Monday, February 16, 2009

The Return to Uniformity

I may be getting a little ahead of the curve, but it would surely be a good thing if people in the business world went back to dressing professionally every day.

Thus, I happily second Lucy Kellaway's analysis in today's Financial Times. Link here.

Kellaway observes that business people in London are dressing more formally. As she says: "The casual look, which we used to celebrate as a sign of egalitarianism and unstuffiness, now looks sloppy."

And sloppy dress might well denote sloppy thought. Or worse. Kellaway explains how casual dress was discredited: "...we are starting to suspect that a man who is casual with his clothes may be casual with our money."

Kellway also suspects that people adopted casual dress because they thought it was going to fire up their creativity. Or make them into Bill Gates.

Surely, this fetishization of creativity is a vestige of the 1960s counterculture. I suspect that it was immolated on the altar of phrases like: creative accounting.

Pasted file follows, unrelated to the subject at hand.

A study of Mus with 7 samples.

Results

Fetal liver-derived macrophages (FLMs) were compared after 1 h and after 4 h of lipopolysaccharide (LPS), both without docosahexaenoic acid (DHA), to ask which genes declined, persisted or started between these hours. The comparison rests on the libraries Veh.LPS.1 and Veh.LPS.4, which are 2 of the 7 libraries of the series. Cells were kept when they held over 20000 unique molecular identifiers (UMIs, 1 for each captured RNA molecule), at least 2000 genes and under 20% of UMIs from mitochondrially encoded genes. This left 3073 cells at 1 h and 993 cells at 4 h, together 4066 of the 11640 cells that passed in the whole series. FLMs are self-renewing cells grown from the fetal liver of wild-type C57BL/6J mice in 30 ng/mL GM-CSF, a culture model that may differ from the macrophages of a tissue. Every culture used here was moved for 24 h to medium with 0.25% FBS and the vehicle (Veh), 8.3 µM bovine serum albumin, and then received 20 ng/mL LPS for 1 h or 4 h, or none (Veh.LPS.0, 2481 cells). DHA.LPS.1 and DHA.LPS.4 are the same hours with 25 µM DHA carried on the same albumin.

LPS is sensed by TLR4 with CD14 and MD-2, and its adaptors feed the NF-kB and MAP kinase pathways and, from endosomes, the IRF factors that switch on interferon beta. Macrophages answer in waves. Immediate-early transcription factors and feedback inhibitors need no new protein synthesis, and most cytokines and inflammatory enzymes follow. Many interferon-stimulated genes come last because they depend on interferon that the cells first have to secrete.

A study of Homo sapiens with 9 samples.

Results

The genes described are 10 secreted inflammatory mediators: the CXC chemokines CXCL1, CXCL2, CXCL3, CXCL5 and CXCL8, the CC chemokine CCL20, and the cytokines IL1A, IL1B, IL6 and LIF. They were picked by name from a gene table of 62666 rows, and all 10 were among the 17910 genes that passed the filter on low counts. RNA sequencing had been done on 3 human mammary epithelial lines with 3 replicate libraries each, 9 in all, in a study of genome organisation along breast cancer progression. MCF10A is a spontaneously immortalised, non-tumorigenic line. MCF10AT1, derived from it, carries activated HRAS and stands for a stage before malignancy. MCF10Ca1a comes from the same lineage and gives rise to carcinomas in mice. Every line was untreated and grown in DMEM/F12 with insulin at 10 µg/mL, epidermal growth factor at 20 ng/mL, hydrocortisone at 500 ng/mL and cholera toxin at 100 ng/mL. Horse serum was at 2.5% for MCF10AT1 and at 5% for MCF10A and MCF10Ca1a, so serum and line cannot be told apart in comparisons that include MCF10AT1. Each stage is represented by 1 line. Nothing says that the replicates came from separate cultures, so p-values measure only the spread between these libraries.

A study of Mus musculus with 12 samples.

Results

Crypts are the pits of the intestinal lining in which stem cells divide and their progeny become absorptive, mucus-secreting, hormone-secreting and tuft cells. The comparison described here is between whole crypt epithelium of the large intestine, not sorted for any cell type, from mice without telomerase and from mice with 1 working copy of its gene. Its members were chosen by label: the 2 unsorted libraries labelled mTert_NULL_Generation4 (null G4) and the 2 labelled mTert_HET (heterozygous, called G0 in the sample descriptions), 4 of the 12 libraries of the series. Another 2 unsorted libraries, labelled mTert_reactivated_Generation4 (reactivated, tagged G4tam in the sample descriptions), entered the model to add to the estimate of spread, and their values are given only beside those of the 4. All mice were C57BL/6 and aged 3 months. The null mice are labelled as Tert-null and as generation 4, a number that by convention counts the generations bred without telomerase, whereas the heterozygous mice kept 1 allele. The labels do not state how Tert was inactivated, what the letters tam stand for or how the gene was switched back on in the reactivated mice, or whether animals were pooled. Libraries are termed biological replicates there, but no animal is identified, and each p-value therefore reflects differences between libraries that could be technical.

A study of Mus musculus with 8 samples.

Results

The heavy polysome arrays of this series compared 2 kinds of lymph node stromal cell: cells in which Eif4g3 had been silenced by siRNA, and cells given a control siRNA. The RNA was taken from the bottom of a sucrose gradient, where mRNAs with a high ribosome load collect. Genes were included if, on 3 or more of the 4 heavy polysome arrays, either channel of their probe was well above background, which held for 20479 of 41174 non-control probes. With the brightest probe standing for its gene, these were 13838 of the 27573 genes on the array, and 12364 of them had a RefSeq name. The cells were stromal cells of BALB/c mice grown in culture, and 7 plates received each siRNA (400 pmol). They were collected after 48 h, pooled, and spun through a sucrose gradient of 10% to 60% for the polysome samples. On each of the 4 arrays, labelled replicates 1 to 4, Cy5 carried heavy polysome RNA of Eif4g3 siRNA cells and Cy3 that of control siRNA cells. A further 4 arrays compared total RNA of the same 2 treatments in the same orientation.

Aren't we in trouble now because bankers were creating something out of nothing? Isn't that the ultimate form of human creativity?

People adopted casual dress because it was a way to rebel against militarism. Men's suits, for example, derive from military uniforms. And uniforms denote a position on a status hierarchy and membership in a group. They were rejected because they did not enhance anyone's feelings of being a unique, autonomous individual.

In the process we became a more fragmented society, one where the good of the individual trumped the good of the group. For some people this offered the freedom to write lyric poetry; for others it meant that they could go out and do what they pleased, even, and especially, with other people's money.

And yet, in time of trouble, when we need to band together to overcome our problems, we do not need more artists and pot throwers; we need serious people who are dedicated to the survival of our institutions.

I would add that the return to more formal dress will, at the least, cure a strange form of cultural dissonance.

Wasn't it strange that Mom and Dad were going to work dressed casually while their children were being sent to school neatly dressed in uniforms?

Parents who insisted that their children wear uniforms-- because it made the educational experience more serious-- might have applied the same principle to their own daily work.